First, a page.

Story by WBGZ Radio

A state representative says people complaining to inspectors general for Illinois state offices don’t have rights and that’s why her bill is so important, but the measure died in committee Friday.

 

If someone feels wronged by a lawmaker, or by a state agency, or if an employee of a state operation feels they were harassed or discriminated against by a supervisor or fellow employee, they have the right to file a complaint with an inspector general who oversees their agency, or oversees lawmakers, to investigate. But State Rep. Jeanne Ives said that’s where their rights end.

 

Ives filed House Bill 4840, a bill to give the complainants certain rights.

 

“Right now, complainants have no rights,” Ives said. “They don’t even have the right to know that their complaint was in receipt. That’s why we need this legislation. We need it now.”

 

The measure would have given complainants the right to get an explanation of the process, rules and procedures, to be notified the complaint was received, to be informed of decisions made and actions taken by the IG, to have an attorney, to get a summary, to make an impact statement, to attend a hearing and testify, to receive a report of the findings and recommendations, and to file a complaint with the IG for any alleged violation of the complainant's rights that are laid out in the measure.

 

House Executive Committee members voted unanimously against the bill, opting instead to take the issue up in a task force.

 

Ives said that’s where good ideas go to die, or are delayed for years as she said she’s seen in numerous other instances.

 

House Majority Leader Barbara Flynn Currie, D-Chicago, said that’s not true.

 

“We are making great progress and I ... sense that we will come forward with a package of bills that will help people who are victims,” Currie said.

 

“Our concern [of Ives’ bill] is that they turn confidentiality on its head, they make it possible for a complainant to do, I don’t know exactly what, to an inspector general that doesn't dot every ‘i’ or cross every ‘t’,” Currie said.

 

Ives said the bill doesn’t toss confidentiality out the window and IGs should be held accountable for not following procedures.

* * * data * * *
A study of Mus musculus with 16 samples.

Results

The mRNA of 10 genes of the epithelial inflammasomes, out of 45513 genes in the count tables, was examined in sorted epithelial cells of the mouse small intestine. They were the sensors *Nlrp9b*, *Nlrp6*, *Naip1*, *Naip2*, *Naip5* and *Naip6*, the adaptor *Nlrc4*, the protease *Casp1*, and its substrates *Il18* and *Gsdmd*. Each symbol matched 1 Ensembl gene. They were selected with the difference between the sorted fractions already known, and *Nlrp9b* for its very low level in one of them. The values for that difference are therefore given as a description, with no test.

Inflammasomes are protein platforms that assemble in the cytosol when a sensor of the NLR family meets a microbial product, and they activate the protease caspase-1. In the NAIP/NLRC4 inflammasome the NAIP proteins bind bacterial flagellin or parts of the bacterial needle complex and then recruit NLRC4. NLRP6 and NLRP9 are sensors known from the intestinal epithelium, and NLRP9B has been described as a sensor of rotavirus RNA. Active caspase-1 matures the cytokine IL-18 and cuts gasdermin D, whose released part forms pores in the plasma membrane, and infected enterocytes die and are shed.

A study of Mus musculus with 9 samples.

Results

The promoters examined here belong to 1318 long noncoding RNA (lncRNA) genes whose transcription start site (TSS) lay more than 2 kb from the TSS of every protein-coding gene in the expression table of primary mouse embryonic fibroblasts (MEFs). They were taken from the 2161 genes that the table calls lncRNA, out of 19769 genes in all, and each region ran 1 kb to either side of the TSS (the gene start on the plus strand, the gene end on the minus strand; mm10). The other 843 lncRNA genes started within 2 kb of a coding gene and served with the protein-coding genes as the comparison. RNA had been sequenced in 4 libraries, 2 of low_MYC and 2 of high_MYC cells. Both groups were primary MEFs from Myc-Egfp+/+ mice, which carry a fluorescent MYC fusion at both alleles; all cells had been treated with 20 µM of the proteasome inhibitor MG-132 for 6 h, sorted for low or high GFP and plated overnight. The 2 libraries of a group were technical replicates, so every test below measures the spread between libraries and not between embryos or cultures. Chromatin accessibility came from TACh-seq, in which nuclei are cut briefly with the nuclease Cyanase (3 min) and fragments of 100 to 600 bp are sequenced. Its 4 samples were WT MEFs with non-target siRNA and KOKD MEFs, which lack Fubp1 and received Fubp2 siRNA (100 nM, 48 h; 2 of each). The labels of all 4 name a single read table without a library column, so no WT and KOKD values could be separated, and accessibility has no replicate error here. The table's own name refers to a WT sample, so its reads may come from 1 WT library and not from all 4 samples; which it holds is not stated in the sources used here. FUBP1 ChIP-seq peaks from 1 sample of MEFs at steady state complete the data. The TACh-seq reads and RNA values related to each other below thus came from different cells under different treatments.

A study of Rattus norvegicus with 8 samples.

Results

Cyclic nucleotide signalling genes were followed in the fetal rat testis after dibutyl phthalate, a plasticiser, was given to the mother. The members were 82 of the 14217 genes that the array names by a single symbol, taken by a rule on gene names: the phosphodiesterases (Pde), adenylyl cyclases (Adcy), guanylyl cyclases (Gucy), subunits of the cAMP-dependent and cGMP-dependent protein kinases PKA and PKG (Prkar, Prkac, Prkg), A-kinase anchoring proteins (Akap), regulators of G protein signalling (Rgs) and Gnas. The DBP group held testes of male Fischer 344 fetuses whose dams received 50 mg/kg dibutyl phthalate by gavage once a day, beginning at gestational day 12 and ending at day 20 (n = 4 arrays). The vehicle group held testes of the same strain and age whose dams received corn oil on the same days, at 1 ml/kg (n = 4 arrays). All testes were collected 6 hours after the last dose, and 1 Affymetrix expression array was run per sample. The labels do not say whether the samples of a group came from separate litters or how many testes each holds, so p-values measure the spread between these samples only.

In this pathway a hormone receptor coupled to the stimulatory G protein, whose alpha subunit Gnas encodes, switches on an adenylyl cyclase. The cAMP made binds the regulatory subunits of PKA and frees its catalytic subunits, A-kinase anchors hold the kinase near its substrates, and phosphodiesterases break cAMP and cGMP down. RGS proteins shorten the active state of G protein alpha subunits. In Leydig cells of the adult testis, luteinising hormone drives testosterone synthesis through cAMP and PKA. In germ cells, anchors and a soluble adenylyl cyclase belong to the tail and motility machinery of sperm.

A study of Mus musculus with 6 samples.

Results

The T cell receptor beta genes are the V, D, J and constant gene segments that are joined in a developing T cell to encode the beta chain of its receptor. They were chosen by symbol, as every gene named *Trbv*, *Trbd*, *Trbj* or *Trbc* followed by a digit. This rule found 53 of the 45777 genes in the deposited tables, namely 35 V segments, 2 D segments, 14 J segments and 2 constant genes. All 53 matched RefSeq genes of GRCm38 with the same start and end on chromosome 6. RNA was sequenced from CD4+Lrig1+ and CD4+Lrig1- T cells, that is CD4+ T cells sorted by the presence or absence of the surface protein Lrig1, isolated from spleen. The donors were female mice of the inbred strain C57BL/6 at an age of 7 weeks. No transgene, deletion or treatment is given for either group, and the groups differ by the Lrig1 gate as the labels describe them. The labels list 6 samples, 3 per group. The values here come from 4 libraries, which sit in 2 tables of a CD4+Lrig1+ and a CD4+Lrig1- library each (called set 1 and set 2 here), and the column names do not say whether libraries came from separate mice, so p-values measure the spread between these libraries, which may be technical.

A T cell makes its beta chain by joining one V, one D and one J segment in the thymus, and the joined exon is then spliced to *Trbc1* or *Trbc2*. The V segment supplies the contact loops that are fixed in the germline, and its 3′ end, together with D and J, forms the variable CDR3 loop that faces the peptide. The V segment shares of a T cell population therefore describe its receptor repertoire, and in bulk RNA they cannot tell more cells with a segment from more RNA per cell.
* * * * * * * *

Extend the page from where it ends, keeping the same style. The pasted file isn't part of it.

Ives said she will continue to put pressure on lawmakers in the court of public opinion to get the changes in place.

 

Victims’ rights advocate Denise Rotheimer, who last year publicly accused state Sen. Ira Silverstein, D-Chicago, of abusing his power by sexually harassing her, said the process of filing complaints with an inspector general is flawed.

 

Without rights in the IG process, complainants should pray for a #MeToo movement and make their cases public, Rotheimer said.

 

“And going through public scrutiny, and being at risk of becoming further victimized by the process because they really don’t have the backing and support of the elected officials,” Rotheimer said.

 

Not having explicit rights in the IG process, Rotheimer said, will chill future complainants from coming forward to hold wrongdoers accountable.

 

Ives said she will continue to put pressure on lawmakers in the court of public opinion to get the changes in place.

 

Silverstein was found by the temporary legislative inspector general to not have harassed Rotheimer, but the IG did say his conduct was not becoming of a state senator. Silverstein eventually lost his primary election bid last month.

 

Rotheimer is credited with exposing the problems with the IG process by going public last October. Shortly after her testimony, where she explained she was never contacted by an IG or told anything about the status of her case, it was discovered that more than two dozen complaints against lawmakers filed to the LIG sat dormant because the LIG office was vacant for nearly three years. The office has since been filled by temporary IG Julie Porter.